This article was updated Sept. 9, 2019.
President Jane Close Conoley wrote that the university mascot is not the shark in a response to a tweet from Long Beach State Student Health Services.
In the Sept. 4 tweet, SHS addressed the student body as the sharks while promoting the department’s Week of Welcome presence. In response, Conoley quote tweeted SHS to clarify.
“Actually, we are not the sharks,” read Conoley’s tweet.
— Jane Close Conoley (@PresConoley) September 5, 2019
James Ahumada, the Associated Students Inc. senior communications manager, said that it is common for other schools to not refer to the student body as the mascot that represents the school.
“There will be a shark mascot at the game, but the school will not identify as the sharks,” Ahumada said about Conoley’s tweet.
There are numerous universities that have a mascot that differs from the school’s identity. University of Alabama has an elephant mascot called “Big Al,” but the university calls itself the Crimson Tide. Stanford University calls itself the Cardinals but has an unofficial mascot known as the Stanford Tree. The Stanford Tree also appears in the school’s sports logo.
Some students were concerned about the school’s consistency about the mascot change, and they felt it was only right to apply the change to all departments since students voted for to be the sharks.
“Students voted for the shark mascot and I think most were under [the] impression that we will be full switching to being sharks so I think they should rename the teams so it’s not confusing,” said Jesus Osvaldo an aerospace engineering major.
Alumni have also voiced their opinions about the mascot changes.
“Honestly, I feel that the money should be used for something more important like paying Professors with better wages, fixing old buildings and add new classes that are needed then relocating a statue just because a small number of people feel uncomfortable.” a class of 1999 almuni member commented on the Daily Forty-Niner website. “Last time I attended CSULB, the art department was still in need of fixing, professors were being let go, and classes were being cut. The money should come out of their own pockets, not the school’s.”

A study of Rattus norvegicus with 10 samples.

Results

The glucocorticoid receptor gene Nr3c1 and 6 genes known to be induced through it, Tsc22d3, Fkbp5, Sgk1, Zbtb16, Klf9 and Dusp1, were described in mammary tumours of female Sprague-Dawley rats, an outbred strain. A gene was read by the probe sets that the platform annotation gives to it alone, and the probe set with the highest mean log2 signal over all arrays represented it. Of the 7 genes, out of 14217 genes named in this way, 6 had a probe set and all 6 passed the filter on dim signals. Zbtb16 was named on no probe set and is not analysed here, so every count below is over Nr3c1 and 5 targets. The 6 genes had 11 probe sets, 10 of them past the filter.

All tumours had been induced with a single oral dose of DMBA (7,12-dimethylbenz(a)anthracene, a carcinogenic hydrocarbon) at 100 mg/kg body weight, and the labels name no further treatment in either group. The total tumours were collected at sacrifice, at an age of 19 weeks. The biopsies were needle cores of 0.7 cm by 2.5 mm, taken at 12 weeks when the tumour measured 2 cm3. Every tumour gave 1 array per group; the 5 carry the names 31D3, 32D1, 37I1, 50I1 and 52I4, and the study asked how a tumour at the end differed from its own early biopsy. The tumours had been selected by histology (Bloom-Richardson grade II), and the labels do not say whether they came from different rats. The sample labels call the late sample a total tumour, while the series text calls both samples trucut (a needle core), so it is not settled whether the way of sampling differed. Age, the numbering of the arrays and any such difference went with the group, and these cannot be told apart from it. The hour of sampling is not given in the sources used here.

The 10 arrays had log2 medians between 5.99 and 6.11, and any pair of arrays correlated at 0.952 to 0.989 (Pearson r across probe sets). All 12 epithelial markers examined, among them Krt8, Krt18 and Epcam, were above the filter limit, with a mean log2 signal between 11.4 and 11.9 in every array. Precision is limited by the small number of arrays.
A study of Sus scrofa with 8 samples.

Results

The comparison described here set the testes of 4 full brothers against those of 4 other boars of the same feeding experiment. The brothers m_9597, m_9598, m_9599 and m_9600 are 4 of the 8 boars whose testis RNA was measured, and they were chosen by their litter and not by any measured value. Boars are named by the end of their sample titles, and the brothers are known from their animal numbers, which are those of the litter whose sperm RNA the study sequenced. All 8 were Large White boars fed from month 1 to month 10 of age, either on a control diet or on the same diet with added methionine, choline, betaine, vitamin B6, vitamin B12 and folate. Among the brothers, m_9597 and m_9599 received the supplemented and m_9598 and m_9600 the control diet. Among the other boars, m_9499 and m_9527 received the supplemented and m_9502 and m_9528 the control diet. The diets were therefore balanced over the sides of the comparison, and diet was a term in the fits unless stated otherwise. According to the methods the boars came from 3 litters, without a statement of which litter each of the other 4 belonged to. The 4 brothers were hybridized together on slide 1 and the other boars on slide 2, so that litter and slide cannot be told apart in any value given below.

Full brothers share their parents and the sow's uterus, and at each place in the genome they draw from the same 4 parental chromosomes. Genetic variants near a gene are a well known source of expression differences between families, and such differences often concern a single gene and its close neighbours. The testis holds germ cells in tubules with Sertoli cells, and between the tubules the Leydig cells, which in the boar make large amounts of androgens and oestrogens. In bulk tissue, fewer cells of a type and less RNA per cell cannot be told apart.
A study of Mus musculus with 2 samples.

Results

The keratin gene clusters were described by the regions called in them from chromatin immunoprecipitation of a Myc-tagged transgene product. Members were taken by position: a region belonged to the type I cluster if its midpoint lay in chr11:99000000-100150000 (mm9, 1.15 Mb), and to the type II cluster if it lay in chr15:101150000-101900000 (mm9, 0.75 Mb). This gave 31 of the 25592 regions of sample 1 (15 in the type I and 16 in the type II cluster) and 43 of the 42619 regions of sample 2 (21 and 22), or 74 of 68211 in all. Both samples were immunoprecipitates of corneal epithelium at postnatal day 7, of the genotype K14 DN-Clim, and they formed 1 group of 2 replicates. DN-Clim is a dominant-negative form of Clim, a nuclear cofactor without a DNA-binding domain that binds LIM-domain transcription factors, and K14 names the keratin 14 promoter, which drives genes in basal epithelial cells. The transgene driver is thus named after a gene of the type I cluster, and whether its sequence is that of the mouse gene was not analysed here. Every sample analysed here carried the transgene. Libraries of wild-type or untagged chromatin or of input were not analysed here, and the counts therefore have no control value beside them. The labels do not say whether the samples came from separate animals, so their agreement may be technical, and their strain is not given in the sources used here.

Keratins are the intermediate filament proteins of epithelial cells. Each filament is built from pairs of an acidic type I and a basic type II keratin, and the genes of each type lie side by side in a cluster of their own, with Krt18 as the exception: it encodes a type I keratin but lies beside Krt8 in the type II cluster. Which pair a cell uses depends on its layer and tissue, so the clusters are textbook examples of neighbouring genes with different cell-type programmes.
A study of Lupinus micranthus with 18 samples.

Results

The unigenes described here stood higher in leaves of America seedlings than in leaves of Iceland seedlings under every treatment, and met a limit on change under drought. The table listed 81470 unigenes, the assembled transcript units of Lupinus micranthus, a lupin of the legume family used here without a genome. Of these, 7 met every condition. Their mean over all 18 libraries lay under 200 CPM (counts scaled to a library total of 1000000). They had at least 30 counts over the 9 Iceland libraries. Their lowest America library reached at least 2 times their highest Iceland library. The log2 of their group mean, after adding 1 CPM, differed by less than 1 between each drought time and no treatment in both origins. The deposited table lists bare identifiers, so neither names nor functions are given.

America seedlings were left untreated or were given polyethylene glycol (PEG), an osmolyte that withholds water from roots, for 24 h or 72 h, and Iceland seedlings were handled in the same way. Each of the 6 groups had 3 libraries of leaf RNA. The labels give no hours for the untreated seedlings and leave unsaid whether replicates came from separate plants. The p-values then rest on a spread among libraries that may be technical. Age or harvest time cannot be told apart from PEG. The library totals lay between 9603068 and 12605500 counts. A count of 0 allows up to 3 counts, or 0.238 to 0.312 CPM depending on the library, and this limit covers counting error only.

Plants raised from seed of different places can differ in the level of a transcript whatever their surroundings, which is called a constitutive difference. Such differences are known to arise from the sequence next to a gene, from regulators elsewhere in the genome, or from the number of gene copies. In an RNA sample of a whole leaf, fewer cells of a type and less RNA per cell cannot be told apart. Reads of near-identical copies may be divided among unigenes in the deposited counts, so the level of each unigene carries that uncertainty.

Last September, Conoley officially announced that CSULB would officially retire Prospector Pete and the 49ers as mascots. The decision was made due to complaints from Indigeous Americans, as the school is built on Native American land.
The “Prospector Man” statue that resides in front of LA-5 will be moved to an alumni center that is estimated to begin construction in November of 2020 and finish in February 2022, according to CSULB Facilities’ website.
Many alumni of the university have voiced their disapproval of the change because they said that it disregards years of history. Despite the pushback, the school continued to go ahead with the mascot shift.
Last semester, Associated Students Inc. hosted a campus-wide mascot search where students voted for a mascot to replace Prospector Pete. Students were able to submit suggestions for what the mascot should be, that were then narrowed down by Conoley and ASI.
A community vote ran for two weeks in April before the official student vote that ran from May 6 to 8. The finalists in the student vote were stingrays, sharks and no mascot or “Go Beach.”
The results were announced by ASI on May 10, and the shark was the vote winner.
“The short answer is that we will have a mascot that looks like a shark, but we have not made any decision that the teams will change from being called Beach Athletics,” Conoley said in an email.
A man named Michael Kellner, who identified as a CSULB alumni, commented on the Daily Forty-Niner website in frustration after learning about Conoley’s tweet.
“Get your act together or bring back Prospector Pete (who never should have been retired),” Kellner said. “It’s sad that we cannot embrace our past good or bad, it’s our past. But to take away a legacy that thousands of 49ers have embraced is a process that excluded hundreds of thousands of alumni.”
Austin Brumblay, Editor in chief, and Pavel Pilipenko, staff writer, contributed to this article.